LINCOLN – Fire department paramedics and emergency medical technicians would make basic health care house calls on some McCook area residents under a program that’s expected to begin by the end of January.

The council last week approved a memorandum of understanding that will require approval from department’s two program partners: Community Hospital and McCook Clinic. The Community Hospital Health Foundation has committed $10,000 for the program, the McCook Daily Gazette reported (http://bit.ly/1QREycY ).

McCook Fire Chief Marc Harpham told the City Council that Community Paramedicine is aimed at reducing the burden on emergency personnel. The program lets the hospital and clinic screen patients to see who might benefit from the extra at-home help.

“These are patients that kind of fall through the cracks, so to speak,” he said, adding that they don’t qualify for home health care, and might not understand or are unable to follow medical instructions provided as they leave the hospital.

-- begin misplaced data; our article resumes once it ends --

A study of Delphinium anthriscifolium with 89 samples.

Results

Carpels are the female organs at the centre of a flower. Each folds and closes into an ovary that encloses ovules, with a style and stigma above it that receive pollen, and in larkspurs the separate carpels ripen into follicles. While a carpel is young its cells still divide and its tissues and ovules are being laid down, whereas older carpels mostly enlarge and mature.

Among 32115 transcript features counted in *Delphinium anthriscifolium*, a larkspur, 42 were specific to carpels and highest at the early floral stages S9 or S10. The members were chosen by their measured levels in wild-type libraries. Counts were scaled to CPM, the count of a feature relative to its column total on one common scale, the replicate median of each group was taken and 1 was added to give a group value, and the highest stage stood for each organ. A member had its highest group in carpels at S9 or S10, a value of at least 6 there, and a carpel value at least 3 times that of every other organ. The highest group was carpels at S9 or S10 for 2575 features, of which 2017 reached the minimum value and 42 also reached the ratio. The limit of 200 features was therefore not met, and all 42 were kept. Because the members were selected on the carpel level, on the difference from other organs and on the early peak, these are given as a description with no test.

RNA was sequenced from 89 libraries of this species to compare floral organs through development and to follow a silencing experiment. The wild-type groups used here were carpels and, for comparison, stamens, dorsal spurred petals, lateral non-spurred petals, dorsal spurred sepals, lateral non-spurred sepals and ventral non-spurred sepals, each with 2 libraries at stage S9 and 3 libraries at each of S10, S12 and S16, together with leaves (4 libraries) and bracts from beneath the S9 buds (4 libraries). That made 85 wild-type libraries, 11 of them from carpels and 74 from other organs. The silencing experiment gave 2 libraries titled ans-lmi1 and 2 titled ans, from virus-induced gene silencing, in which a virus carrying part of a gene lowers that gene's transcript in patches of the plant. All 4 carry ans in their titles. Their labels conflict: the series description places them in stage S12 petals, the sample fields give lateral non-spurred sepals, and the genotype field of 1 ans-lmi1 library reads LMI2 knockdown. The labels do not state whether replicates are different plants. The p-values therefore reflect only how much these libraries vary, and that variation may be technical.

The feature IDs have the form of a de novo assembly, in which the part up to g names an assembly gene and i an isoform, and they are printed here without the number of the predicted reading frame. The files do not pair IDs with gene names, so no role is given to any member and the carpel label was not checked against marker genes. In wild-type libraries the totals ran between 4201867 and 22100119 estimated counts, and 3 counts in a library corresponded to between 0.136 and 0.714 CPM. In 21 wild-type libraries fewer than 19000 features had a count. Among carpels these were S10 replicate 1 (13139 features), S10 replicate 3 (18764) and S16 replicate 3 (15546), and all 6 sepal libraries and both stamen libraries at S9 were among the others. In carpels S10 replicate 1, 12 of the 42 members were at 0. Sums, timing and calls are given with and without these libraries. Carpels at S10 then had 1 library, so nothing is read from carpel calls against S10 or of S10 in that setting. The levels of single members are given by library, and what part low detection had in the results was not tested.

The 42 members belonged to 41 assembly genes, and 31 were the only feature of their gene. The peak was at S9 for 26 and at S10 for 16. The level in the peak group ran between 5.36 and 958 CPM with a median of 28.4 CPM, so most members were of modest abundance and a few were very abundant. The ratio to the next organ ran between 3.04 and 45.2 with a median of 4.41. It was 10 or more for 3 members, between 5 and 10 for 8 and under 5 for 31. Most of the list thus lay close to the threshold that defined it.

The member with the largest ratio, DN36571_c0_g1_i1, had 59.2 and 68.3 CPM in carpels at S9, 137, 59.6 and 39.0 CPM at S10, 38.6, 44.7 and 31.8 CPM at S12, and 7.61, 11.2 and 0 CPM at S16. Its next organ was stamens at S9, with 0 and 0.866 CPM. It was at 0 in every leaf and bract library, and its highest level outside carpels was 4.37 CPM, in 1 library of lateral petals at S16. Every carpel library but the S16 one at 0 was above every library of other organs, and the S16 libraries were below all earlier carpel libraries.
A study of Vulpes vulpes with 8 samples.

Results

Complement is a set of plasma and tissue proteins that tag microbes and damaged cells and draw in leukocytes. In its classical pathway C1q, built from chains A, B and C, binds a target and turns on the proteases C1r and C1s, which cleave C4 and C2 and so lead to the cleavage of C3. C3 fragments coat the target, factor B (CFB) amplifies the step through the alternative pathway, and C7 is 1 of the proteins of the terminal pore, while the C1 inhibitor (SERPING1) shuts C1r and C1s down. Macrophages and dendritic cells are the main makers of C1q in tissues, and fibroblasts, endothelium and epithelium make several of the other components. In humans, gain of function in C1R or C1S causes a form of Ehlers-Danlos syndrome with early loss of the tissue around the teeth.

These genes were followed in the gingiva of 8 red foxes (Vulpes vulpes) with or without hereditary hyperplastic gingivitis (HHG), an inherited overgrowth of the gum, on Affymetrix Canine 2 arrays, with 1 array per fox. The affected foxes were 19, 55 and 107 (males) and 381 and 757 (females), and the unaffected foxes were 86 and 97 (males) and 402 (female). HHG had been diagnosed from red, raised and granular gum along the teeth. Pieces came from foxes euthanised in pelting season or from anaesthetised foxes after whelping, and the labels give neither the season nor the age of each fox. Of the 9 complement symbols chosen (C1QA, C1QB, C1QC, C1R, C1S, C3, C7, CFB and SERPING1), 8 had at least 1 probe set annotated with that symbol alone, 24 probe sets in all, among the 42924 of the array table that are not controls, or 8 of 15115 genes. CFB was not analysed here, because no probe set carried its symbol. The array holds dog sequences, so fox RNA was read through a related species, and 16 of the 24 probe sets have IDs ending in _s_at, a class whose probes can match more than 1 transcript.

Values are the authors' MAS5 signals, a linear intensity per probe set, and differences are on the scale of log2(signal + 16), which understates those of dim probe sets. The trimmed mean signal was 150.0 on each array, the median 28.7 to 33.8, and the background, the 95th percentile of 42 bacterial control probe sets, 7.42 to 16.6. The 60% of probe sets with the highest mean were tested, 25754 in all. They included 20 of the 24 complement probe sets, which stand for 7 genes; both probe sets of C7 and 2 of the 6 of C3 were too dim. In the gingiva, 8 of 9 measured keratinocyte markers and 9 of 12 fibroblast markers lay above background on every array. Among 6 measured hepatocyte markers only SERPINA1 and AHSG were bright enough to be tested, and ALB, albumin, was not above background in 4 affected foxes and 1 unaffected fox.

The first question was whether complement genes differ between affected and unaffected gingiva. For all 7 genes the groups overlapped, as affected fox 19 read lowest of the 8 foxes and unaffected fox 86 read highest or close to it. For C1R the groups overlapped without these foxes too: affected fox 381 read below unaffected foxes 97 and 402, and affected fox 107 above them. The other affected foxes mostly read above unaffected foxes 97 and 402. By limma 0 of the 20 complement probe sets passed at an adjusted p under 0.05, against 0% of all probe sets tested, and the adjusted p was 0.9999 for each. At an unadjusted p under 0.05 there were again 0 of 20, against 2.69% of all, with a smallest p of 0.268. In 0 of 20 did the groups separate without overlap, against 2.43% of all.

Many of the participants likely will be people often seen in the emergency room and transported by the department ambulance repeatedly, Harpham said. The overall goal is to minimize those nonemergency transports and increase the medical services to those patients at their homes.

The medics’ free visits “would just consist of doing some basic assessment, blood pressure, vital signs, checking sugars, doing some education with them if we need to,” Harpham said. “All of the things that we intend on doing with this are currently within the regulations, within our scope of practice as paramedics but also as EMTs,” he said.

Each patient in the program will be visited four times over a four-week period. No more than 10 patients will be seen during a month, Harpham said, and no more than 120 patients in the first year. He expects most of the program participants will be McCook residents, although his department’s ambulance service area covers 320 square miles of southwest Nebraska.

“It’s not where they live but what their circumstances are,” the chief said told The Associated Press on Monday.